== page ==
THREE. This is the year of emotions. The big emotions of our tiny humans. I never imagined what it would be like being a mother to a three year old. It’s like once you’re expecting, you don’t necessarily think about the years ahead. Many expectant mothers are laser focused on those precious firsts, baby’s first smile, baby’s first food, baby’s first tooth and so on. But what about the subsequent years, unless you’re THAT MOM who reads about the first five years of your child’s life or interested in child psychology, you probably don’t know what to expect.
Well, I might be THAT MOM, have a keen interest in child psychology and I still wasn’t expecting my daughter to express her emotions so fluently. It’s almost like it happened overnight, she turned three and then BOOM! She was overwhelmed with a flood of emotions.
What made it even more shocking is she’s never attended any daycare/school programs where more than likely, she would have developed these social-emotional skills.
It started shortly after her third birthday, I noticed she was more expressive of her feelings and emotions. She would say things like: “Mommy, I scared.”, “Mommy, I happy.”, “Mommy, I so angry.”, “Mommy, I sad.”, “Mommy, I excited.”. All of which she used in the correct context depending on the situation. Being able to comfort her and help her to navigate through these emotions is such a rewarding feeling. To know she feels comfortable to express herself and can identify those feelings is a crucial step in her development, socially and emotionally.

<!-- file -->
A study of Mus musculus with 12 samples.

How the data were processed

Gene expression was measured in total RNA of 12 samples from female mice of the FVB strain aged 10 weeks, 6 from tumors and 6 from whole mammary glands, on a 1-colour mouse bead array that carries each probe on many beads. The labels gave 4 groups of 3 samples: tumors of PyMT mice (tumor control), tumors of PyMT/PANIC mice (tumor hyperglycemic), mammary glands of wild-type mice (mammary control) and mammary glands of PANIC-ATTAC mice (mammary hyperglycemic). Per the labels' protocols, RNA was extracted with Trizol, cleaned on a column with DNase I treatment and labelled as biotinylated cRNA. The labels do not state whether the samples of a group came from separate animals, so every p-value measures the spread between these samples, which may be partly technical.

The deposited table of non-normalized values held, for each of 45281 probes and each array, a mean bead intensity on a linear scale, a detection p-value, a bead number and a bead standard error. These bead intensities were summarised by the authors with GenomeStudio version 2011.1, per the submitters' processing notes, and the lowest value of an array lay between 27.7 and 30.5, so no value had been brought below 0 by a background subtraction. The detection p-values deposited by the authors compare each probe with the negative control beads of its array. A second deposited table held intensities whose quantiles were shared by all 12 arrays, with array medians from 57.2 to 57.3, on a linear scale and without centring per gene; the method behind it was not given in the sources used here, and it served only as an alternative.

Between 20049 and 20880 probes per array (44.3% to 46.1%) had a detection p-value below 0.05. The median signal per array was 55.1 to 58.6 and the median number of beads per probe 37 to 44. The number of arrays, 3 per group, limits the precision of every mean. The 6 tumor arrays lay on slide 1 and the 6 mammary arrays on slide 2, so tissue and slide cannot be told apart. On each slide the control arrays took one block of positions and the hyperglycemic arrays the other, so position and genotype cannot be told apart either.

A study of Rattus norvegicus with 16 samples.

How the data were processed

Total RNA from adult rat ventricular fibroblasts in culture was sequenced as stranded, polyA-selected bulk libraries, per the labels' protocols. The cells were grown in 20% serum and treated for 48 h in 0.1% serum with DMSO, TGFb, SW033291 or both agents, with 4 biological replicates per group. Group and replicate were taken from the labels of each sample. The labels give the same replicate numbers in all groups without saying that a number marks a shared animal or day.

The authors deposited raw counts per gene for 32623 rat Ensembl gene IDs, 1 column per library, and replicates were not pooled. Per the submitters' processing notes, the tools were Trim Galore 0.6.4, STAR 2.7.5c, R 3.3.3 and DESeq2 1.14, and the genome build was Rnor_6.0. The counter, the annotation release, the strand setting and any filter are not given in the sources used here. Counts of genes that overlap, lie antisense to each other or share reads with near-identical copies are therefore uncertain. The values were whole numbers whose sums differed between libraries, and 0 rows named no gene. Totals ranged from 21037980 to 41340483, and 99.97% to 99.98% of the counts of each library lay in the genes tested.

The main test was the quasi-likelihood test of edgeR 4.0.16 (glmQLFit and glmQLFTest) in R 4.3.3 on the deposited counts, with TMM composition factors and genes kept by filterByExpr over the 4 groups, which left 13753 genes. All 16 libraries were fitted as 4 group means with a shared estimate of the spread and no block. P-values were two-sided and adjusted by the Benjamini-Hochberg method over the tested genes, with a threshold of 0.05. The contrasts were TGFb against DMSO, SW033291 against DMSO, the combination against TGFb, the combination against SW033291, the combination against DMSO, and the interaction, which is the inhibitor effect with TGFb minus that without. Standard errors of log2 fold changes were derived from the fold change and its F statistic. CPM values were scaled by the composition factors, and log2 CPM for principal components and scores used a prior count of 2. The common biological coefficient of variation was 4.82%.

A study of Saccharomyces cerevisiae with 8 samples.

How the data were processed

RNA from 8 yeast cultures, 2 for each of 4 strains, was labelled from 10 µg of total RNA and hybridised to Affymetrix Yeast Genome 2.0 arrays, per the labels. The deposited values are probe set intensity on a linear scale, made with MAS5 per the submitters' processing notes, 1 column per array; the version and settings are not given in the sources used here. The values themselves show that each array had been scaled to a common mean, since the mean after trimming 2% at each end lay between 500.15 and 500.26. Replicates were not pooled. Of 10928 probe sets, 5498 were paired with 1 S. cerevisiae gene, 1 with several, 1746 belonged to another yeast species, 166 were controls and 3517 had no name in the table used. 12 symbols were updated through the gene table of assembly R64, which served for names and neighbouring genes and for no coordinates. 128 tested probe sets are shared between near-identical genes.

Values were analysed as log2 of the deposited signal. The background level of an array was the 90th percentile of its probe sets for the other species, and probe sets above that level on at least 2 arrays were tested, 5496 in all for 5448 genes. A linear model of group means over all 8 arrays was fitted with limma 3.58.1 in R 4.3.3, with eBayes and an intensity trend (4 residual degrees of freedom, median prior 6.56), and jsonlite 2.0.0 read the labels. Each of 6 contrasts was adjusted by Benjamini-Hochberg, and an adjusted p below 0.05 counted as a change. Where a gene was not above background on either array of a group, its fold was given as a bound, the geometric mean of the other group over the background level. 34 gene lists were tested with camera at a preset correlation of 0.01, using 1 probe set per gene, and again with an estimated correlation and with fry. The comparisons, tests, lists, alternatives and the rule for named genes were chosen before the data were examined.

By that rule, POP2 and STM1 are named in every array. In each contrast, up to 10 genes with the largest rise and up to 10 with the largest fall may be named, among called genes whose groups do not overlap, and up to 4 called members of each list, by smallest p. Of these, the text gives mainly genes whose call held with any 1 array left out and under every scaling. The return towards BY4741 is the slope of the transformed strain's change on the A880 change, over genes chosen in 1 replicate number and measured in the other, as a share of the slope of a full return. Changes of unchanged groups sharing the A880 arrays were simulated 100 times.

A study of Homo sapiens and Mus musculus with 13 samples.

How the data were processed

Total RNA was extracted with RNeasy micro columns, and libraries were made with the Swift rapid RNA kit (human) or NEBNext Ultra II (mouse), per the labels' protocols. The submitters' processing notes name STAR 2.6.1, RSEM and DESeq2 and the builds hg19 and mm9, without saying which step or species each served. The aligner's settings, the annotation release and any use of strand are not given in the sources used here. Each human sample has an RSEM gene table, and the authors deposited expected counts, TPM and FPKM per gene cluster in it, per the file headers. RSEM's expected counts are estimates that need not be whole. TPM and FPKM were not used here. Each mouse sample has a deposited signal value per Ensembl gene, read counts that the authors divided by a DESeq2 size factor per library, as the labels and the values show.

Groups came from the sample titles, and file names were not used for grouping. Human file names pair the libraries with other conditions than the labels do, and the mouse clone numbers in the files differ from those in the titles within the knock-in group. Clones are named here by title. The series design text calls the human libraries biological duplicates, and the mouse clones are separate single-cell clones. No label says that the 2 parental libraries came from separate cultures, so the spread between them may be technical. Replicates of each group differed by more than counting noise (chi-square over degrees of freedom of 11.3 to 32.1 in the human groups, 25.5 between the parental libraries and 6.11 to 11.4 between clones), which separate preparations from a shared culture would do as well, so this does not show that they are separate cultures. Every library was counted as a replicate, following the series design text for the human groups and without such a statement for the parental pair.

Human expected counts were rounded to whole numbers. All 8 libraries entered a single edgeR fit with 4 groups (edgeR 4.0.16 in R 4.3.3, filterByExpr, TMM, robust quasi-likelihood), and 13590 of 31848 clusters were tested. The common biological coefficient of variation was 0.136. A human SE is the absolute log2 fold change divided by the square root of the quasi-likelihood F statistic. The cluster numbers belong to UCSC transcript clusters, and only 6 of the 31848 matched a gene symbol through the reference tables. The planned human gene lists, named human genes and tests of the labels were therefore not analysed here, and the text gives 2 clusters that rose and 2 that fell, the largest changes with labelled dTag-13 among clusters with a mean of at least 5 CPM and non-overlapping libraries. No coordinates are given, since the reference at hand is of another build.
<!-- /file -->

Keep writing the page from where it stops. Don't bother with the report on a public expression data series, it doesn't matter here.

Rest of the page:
Emotional development is an important aspect of the preschooler stage. From learning to express their feelings and show emotion to being able to regulate their emotions and understand the feelings of others.
The development of children varies and some children struggle to understand and express their emotions at this stage, there are ways you can support your child.
- Label and discuss words for different feelings and emotions
- Explain to your child that it’s okay to feel and express their emotions
- Talk regularly with your child about emotions and feelings, not just their own but yours as well.
- Read books and discuss the different emotions and facial expressions of the characters, discuss the context of the their feelings and why they might be feeling that way.
When did you first notice your child start to express to his/her emotions? Let’s chat! Share your experience/thoughts in the comments!